حسادت عاشقانه به عنوان یک نتیجه مقایسه اجتماعی: هنگامی که گزیدگی ها شبیه می شوند
|کد مقاله||سال انتشار||مقاله انگلیسی||ترجمه فارسی||تعداد کلمات|
|36456||2004||8 صفحه PDF||سفارش دهید||محاسبه نشده|
Publisher : Elsevier - Science Direct (الزویر - ساینس دایرکت)
Journal : Journal of Experimental Social Psychology, Volume 40, Issue 3, May 2004, Pages 393–400
Two studies examined the role of perceived self-rival similarity in the experience of romantic jealousy, which is assumed to reflect threats to self-evaluation. Self–other similarity is one factor that determines whether social comparison yields assimilation or contrast. Based on the premise that people want their romantic partners to see themselves positively, it is predicted that people experience greater jealousy when comparing with an attractive rival in terms of similarities because similarity challenges one’s positive distinctiveness. People should also experience greater jealousy, however, when they compare themselves with an unattractive rival in a manner that renders their own weaknesses salient during the comparison process. The results support the ‘distinctiveness hypothesis,’ but are inconsistent with cognitive models of social comparison, which posit that people see themselves more positively either when their self-evaluations are assimilated to superior others or contrasted away from inferior others.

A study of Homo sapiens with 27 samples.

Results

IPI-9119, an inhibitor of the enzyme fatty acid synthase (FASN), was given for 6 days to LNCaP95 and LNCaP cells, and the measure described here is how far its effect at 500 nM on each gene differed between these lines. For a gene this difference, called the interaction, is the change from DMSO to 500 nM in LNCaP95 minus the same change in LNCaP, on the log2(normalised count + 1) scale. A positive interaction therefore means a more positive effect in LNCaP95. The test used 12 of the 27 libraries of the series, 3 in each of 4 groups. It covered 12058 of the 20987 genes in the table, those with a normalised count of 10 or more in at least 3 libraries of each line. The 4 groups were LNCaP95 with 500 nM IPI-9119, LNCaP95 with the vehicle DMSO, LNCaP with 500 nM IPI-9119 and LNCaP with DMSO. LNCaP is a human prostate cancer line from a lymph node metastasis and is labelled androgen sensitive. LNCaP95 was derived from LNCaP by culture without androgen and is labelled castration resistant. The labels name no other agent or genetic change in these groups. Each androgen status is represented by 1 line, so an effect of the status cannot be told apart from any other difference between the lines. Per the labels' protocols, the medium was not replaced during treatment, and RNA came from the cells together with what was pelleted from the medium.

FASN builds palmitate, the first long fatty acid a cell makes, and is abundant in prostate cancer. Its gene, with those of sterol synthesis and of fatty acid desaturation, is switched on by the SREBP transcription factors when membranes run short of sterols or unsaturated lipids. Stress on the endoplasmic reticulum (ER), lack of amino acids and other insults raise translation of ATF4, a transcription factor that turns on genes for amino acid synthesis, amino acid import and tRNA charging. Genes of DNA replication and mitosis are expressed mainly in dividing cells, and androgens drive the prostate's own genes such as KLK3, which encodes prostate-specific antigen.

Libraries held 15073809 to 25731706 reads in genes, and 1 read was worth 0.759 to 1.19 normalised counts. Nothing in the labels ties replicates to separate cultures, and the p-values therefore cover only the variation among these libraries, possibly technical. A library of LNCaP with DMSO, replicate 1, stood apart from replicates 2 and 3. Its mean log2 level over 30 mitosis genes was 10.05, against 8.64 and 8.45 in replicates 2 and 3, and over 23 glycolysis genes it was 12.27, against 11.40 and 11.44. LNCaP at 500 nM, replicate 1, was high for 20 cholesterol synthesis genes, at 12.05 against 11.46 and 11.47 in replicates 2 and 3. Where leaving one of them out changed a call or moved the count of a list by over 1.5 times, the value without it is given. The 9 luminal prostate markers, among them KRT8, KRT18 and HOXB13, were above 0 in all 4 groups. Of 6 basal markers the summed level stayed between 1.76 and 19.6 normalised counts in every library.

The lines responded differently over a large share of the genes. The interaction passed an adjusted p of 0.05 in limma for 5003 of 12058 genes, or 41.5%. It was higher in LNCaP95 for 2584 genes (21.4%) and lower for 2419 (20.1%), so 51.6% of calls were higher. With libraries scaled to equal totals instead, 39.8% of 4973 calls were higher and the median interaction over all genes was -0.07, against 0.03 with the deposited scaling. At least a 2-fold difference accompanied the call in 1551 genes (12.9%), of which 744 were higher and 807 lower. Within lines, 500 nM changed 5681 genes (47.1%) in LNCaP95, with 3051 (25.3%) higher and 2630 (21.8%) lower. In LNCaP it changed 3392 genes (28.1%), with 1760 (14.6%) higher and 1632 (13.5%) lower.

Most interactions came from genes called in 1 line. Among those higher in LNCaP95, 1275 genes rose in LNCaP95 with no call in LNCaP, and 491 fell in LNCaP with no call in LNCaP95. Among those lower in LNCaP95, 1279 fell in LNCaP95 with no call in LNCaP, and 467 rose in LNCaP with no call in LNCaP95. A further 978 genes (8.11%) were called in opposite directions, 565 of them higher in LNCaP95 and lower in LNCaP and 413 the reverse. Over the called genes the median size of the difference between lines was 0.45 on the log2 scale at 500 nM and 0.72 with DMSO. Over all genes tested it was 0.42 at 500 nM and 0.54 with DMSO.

A central tenet of social comparison theory (Festinger, 1954) is that people evaluate themselves by comparing with others. In doing so, people preferably compare themselves with similar others because it is more informative to gauge one’s own standing relative to similar others than to exceptional others (e.g., Blanton, 2001; Goethals & Darley, 1977; Miller, 1984). Festinger (1954) also emphasized that doing well in comparison with others has important motivational consequences. The early social comparison literature is replete with evidence for evaluative contrast. Morse and Gergen (1970), for instance, showed that social comparison with superior others can lower self-evaluation whereas social comparison with inferior others can elevate self-evaluation. However, the self-evaluative implications of social comparison are not intrinsic to its direction (upward vs. downward) but depend on whether self-appraisals are displaced toward or away from the comparison other (Blanton, 2001; Brown, Novick, Lord, & Richards, 1992; Collins, 1996; Taylor & Lobel, 1989). Generally speaking, assimilation and contrast can both yield a positive (negative) self-evaluation.